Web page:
Drivers who want to avoid rear-end accidents should practice safe following distances and exercise extra care in adverse weather.
Car crashes, where one car hits another car from behind, are all too common in Oklahoma. When vehicles are moving at fast speeds, accidents can happen in a split second. However, drivers can protect themselves by learning the right following distances and what to do in adverse weather conditions. Nobody can be guaranteed that they will never end up in a rear-end collision, but practicing proper road safety can greatly reduce their chances of getting into one.
Follow at a safe distance
A practice that is commonly advised in driver's education programs is known as the three-second rule. Drivers execute this simple method by paying attention to the back of the car in front of them. Once the leading car has passed an object or a dotted line on the road, the minimum amount of time that should pass before the following driver passes the same object is three seconds. Another rule of thumb is for every 10 miles-per-hour of speed, the length of one car should be put between the leading and following car. Additionally, the Oklahoma Department of Public Safety makes note of the following factors in predicting stopping time:
- The conditions of the weather can affect the road, for instance if the road is wet or icy.
- A car's brakes should be in good condition. When not properly maintained, brakes can increase stopping distance, especially on steep grades.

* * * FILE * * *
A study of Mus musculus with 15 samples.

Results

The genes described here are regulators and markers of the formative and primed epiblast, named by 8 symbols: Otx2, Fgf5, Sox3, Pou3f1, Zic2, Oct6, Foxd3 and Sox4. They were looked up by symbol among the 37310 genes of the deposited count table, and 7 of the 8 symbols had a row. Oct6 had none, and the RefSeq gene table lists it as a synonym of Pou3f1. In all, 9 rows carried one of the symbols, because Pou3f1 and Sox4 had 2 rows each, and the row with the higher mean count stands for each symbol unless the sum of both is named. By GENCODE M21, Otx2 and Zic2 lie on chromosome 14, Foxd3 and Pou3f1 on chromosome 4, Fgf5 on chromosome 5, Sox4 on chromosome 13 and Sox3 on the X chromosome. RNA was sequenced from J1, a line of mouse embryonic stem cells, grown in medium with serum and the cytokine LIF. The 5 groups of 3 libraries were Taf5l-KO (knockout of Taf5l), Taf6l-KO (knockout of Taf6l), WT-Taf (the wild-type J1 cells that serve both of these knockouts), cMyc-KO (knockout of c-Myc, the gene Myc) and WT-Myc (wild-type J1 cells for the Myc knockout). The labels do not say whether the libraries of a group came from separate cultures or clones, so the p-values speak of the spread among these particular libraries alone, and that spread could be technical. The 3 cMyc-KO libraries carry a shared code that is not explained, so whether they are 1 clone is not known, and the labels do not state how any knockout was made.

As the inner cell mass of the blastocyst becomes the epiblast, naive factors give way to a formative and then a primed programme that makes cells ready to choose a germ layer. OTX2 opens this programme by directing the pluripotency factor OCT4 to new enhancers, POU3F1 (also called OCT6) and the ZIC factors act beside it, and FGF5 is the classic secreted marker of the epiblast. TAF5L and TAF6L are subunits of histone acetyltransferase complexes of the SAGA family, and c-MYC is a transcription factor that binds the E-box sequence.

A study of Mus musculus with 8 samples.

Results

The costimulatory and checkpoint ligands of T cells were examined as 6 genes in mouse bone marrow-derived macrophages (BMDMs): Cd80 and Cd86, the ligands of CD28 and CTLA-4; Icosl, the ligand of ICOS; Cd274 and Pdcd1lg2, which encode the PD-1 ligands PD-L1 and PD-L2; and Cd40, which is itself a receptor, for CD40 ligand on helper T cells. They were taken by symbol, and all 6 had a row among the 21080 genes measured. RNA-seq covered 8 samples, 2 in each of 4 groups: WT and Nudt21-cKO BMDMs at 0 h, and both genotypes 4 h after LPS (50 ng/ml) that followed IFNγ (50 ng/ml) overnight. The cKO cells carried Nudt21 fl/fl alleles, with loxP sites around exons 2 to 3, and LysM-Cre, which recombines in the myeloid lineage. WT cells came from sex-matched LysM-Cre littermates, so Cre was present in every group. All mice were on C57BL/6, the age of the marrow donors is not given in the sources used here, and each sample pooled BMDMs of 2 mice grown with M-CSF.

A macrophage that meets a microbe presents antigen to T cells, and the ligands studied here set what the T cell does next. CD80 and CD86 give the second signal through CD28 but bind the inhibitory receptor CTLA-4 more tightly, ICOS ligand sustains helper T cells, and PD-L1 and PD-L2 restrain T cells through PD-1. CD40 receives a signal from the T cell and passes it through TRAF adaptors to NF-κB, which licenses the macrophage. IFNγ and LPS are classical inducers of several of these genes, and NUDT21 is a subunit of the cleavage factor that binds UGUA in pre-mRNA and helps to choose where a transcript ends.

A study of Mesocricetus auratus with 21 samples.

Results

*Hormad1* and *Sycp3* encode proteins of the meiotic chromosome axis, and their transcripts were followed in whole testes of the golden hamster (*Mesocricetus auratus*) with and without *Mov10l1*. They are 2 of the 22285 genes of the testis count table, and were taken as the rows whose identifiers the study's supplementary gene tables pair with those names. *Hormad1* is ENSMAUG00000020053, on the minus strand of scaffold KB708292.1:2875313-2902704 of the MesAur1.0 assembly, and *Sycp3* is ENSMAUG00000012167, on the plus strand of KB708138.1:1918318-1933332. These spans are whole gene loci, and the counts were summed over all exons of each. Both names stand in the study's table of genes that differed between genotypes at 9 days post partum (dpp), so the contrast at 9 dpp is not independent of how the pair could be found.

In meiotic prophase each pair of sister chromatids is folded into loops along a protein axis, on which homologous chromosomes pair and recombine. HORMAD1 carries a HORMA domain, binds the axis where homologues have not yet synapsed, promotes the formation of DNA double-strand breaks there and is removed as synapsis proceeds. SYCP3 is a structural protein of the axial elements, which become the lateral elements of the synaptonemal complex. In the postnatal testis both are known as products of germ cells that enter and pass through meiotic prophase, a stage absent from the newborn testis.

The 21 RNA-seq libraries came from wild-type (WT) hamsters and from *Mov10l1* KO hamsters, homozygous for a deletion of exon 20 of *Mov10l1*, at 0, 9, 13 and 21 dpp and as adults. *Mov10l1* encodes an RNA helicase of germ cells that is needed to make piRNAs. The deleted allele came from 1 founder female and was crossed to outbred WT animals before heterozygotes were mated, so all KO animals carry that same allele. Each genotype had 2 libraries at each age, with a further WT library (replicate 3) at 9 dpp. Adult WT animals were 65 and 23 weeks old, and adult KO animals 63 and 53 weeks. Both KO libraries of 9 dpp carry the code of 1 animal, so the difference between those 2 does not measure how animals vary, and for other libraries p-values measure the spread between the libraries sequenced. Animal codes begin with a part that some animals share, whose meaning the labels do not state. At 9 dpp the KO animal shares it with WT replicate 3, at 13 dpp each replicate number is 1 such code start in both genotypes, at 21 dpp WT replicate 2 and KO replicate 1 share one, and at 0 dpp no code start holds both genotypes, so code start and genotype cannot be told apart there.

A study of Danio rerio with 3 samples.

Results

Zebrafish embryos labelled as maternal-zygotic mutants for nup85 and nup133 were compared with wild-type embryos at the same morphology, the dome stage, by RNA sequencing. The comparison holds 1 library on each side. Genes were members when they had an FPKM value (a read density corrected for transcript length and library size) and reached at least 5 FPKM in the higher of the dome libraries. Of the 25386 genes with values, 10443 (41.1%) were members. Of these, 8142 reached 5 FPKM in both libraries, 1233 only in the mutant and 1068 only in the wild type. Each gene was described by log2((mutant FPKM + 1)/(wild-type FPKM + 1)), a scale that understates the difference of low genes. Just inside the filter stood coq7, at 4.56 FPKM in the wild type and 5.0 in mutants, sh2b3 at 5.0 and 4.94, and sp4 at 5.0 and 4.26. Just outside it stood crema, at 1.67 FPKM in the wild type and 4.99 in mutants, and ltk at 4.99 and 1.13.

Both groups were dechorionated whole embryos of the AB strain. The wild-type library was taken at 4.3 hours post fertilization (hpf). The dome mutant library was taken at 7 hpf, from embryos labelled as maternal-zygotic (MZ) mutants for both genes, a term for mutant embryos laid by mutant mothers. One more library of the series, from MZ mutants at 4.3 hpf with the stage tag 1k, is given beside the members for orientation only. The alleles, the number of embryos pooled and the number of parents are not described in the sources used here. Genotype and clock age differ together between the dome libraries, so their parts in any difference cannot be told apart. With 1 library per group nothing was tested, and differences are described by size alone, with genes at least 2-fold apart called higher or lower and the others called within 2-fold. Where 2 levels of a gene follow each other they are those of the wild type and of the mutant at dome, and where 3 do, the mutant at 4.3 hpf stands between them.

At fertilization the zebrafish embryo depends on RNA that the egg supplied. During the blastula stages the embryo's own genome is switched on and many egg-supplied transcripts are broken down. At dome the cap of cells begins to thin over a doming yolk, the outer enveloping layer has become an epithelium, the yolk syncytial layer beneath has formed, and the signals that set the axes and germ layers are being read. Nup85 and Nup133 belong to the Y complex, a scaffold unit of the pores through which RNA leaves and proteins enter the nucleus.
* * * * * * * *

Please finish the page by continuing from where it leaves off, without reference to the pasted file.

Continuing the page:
- The specific amount of time a driver takes to react should also be factored into determining stopping distance.
- Vehicles of heavier weights will have longer stopping distances than lightweight vehicles.
If a driver wishes to be as safe as possible and avoid colliding with another car's rear, all of the above factors should be considered. Sometimes it takes much more than three seconds to close the distance between cars in motion.
Use caution in risky weather
Weather can increase the likelihood of rear-end accidents. In wet weather conditions, large puddles of water on the road may raise the risk of hydroplaning, especially at high speeds. The American Automobile Association states that even brand new tires can still potentially lose contact with the road when hitting a 1/12 inch of water at 35 mph. In the case that skidding does occur, slamming on the brakes can further reduce control. Cruise control can also increase the chance of a car losing control when conditions are wet, and should only be used in dry weather.
People who are injured in a car accident in Oklahoma face a number of challenges. These challenges can include medical bills, lost income, and physical pain and suffering. An experienced lawyer can help them understand what their legal options are.